Name gameOriginally native to southern China, the kiwi was once known as ‘yang tao’. It was later called the ‘Chinese gooseberry’ and the ‘hairy bush fruit’, but when the seeds were introduced to New Zealand in the 20th century, it got its name ‘kiwifruit’.
Fruity nutritionKiwi is a great source of vitamin C, which assists the body in the growth and repair of tissue. It also contains potassium (bones), vitamin E (hair, skin, nails) and the black pips contain more dietary fibre than a bowl of bran flakes!
Vine fineKiwi thrives in warm climates and grows on a vine, similar to a grape. It is notoriously difficult to pollinate because bees are rarely drawn to their flowers. Some kiwi farmers therefore either blow pollen over the blooms or keep bee hives among the vines to promote pollination.
Sweet storage Buy firm, unwrinkled kiwifruit and they should ripen after a few days at room temperature if you avoid keeping them in direct sunlight. Do not store with other fruits as the kiwi is sensitive to the ethylene gas that they can sometimes give off.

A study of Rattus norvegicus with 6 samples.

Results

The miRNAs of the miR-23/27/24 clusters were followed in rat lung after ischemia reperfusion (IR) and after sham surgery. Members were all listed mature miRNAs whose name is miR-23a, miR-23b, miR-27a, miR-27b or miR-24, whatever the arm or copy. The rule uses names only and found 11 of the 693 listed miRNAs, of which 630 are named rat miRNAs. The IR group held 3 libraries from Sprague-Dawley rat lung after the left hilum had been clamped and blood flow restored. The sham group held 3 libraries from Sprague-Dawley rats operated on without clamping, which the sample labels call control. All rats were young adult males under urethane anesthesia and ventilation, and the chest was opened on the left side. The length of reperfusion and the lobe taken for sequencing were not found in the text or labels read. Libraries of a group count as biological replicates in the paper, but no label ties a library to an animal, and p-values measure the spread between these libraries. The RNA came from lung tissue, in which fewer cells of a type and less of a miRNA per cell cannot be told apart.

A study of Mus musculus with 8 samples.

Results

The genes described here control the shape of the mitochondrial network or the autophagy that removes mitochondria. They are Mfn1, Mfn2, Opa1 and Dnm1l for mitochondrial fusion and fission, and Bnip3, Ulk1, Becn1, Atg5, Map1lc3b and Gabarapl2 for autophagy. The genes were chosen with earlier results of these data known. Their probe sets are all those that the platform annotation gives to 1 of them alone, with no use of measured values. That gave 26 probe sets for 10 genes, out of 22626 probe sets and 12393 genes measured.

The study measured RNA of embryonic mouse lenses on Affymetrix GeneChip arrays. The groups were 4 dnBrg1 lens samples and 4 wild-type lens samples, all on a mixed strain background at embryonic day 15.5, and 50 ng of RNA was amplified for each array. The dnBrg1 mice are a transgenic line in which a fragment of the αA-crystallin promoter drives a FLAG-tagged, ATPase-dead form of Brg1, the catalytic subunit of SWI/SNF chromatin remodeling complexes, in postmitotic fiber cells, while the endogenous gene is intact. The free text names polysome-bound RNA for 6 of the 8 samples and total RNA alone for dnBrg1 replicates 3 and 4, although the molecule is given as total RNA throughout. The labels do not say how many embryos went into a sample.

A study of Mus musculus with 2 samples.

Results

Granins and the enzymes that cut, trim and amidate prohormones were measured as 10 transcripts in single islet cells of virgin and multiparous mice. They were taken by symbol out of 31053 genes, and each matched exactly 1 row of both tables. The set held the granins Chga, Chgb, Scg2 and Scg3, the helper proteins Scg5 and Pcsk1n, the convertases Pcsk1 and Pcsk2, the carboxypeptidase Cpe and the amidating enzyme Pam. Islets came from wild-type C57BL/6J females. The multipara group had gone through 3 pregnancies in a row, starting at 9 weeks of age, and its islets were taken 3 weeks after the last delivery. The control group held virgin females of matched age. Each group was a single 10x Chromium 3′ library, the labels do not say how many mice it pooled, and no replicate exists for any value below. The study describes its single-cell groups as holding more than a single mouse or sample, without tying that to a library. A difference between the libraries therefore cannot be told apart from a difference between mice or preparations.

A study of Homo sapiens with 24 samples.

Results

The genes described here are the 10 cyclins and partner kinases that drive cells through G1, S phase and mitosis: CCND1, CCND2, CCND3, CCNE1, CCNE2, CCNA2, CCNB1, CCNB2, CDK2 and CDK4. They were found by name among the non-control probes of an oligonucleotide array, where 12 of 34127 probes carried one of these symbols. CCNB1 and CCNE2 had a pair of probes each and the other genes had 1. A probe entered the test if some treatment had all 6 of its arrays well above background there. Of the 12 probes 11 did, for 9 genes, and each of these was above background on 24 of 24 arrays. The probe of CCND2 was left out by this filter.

Pulpy prepAlthough most people prefer to remove the furry skin of this fruit, it is in fact edible. Kiwifruit can become bitter and lose colour when cooked, so it’s best to eat it raw in a smoothie, sorbet or salad.
Culinary kiwisJust a little bit of kiwi flesh can actually tenderise meat in minutes! This is due to the enzyme in the fruit that breaks down surface meat fibres.
Top tip! If you hate getting fur from your kiwifruit all over the flesh, rub it with a cloth before cutting or peeling.